Egypt reopens historic sections of Suez Canal in a bid to ease marine traffic bottleneck caused after giant cargo ship became wedged across the vital waterway, leaving dozens of ships waiting on both the Mediterranean and Red Sea sides.

A container ship which was hit by strong wind and ran aground is pictured in Suez Canal, Egypt, March 24, 2021.
A container ship which was hit by strong wind and ran aground is pictured in Suez Canal, Egypt, March 24, 2021. (Reuters)

Traffic has resumed through Egypt's Suez Canal after a massive container cargo ship that ran aground blocked movement, Egypt's Suez Canal Authority has said.

"The navigation movement has returned to regularity again in the canal through the original route and the efforts to rescue and float the giant Panamanian container ship will continue," the authority said on Wednesday.

The 400-metre, 224,000-tonne Ever Given was stranded on Tuesday morning after losing the ability to steer amid high winds and a dust storm, the Suez Canal Authority (SCA) said in a statement.

About 30 percent of global container ship traffic passes through the canal each day, carrying everything from fuel to consumer goods. The main alternative route for ships traveling between Asia and Europe, around the African cape, takes a week longer to navigate.

Pictures posted on social media had appeared to show the ship positioned diagonally across the canal, blocking its full width. Photos shared by the SCA showed a digger removing earth and rock from the bank of the canal around the ship's bow.

GAC, a Dubai-based marine services company, said the Ever Given had been partially refloated and moved alongside the canal bank, citing information from the SCA mid-Wednesday.

"Convoys and traffic are expected to resume as soon as the vessel is towed to another position," GAC said on its website.

Mulling compensation for delays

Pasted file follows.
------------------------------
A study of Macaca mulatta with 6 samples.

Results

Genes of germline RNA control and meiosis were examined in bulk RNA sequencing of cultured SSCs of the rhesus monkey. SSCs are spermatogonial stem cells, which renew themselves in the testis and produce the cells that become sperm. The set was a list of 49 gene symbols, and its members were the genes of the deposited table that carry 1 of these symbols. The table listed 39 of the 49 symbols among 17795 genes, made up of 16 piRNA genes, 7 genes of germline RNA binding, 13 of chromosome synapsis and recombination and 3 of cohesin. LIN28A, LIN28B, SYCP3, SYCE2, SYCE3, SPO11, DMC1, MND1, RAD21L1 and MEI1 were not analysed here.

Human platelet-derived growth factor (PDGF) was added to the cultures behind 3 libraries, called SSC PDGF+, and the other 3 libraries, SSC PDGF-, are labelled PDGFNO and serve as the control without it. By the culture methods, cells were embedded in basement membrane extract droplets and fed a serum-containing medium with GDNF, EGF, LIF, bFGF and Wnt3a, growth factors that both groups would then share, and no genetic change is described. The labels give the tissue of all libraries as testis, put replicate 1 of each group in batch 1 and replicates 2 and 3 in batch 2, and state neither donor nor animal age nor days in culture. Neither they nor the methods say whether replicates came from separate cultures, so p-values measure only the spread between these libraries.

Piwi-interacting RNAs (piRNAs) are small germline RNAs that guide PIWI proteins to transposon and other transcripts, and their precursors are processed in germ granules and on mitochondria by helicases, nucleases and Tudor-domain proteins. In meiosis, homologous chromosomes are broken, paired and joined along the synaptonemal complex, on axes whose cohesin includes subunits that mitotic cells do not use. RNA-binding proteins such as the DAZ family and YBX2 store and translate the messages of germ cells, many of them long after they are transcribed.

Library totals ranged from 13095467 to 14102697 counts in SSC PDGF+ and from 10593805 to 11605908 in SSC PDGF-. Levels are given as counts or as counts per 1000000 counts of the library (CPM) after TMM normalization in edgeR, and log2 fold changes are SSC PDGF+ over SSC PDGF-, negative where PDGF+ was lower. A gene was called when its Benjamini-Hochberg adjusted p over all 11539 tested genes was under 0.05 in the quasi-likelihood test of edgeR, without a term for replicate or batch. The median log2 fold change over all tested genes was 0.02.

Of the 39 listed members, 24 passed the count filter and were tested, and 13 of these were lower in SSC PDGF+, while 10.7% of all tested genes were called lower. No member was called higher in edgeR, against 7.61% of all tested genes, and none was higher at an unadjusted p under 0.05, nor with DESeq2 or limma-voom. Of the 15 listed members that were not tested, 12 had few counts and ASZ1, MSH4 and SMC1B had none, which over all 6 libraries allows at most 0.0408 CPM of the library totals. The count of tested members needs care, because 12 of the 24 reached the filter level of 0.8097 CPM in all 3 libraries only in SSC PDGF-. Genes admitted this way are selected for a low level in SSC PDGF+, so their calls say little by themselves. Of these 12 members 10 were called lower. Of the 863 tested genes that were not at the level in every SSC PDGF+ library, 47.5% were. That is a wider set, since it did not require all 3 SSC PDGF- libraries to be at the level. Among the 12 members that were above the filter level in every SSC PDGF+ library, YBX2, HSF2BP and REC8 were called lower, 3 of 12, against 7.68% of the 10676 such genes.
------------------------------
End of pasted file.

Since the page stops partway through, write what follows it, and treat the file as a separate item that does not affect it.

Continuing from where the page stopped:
There was no immediate confirmation from the SCA, but its chairperson told local TV that a southbound convoy was on the move and that the authority was trying to keep traffic flowing between waiting areas as best it could.

The authority was considering compensation for delayed ships, Chairperson Osama Rabie said.

About 12 percent of world trade by volume passes through the canal, and it is a major source of hard currency for Egypt.

Tracking maps had shown the ship grounded in the southernmost stretch of the waterway, between the Great Bitter Lake and the Red Sea port of Suez.

At least 30 ships were blocked to the north of the Ever Given, and three to the south, local sources said. Several dozen ships could also be seen grouped around the northern and southern entrances to the canal.


Bernhard Schulte Shipmanagement (BSM), the ship's technical manager, said the Ever Given had run aground in the canal at around 05:40 GMT on Tuesday. It said an investigation was underway.

BSM, which handles the ship's crew and technical issues, said all the crew were safe and accounted for and that there had been no reports of injuries or pollution. It said it had notified the authorities and "interested parties," but that it could not confirm the ship's owner.

Taiwan's Evergreen Marine Corp, which is leasing the vessel, said the shipowner had told it the ship "was suspected of being hit by a sudden strong wind, causing the hull to deviate from (the) waterway and accidentally hit the bottom."

The ship is likely to have been insured for around $100 million, said Marcus Baker, global head of marine and cargo at insurance broker Marsh in London.

Oil supply concerns

Oil prices rose more than 2 percent on Wednesday as news from Suez spurred supply concerns. The impact on oil and gas flows will depend on how long it takes to clear the blockage, sources said.

As of Wednesday, five laden liquefied natural gas (LNG) tankers were unable to pass through the canal due to the grounded container ship, according to data intelligence firm Kpler.

Of the five, three were bound for Asia and two for Europe, said Kpler analyst Rebecca Chia. She said that if the congestion persists until the end of this week, it would affect the transit of 15 LNG tankers.

During 2020, nearly 19,000 ships, or an average of 51.5 per day, passed through the canal, according to the SCA.

"It increases the risk that we might see additional port congestion in European ports in the next week," said Lars Jensen, chief executive at SeaIntelligence Consulting.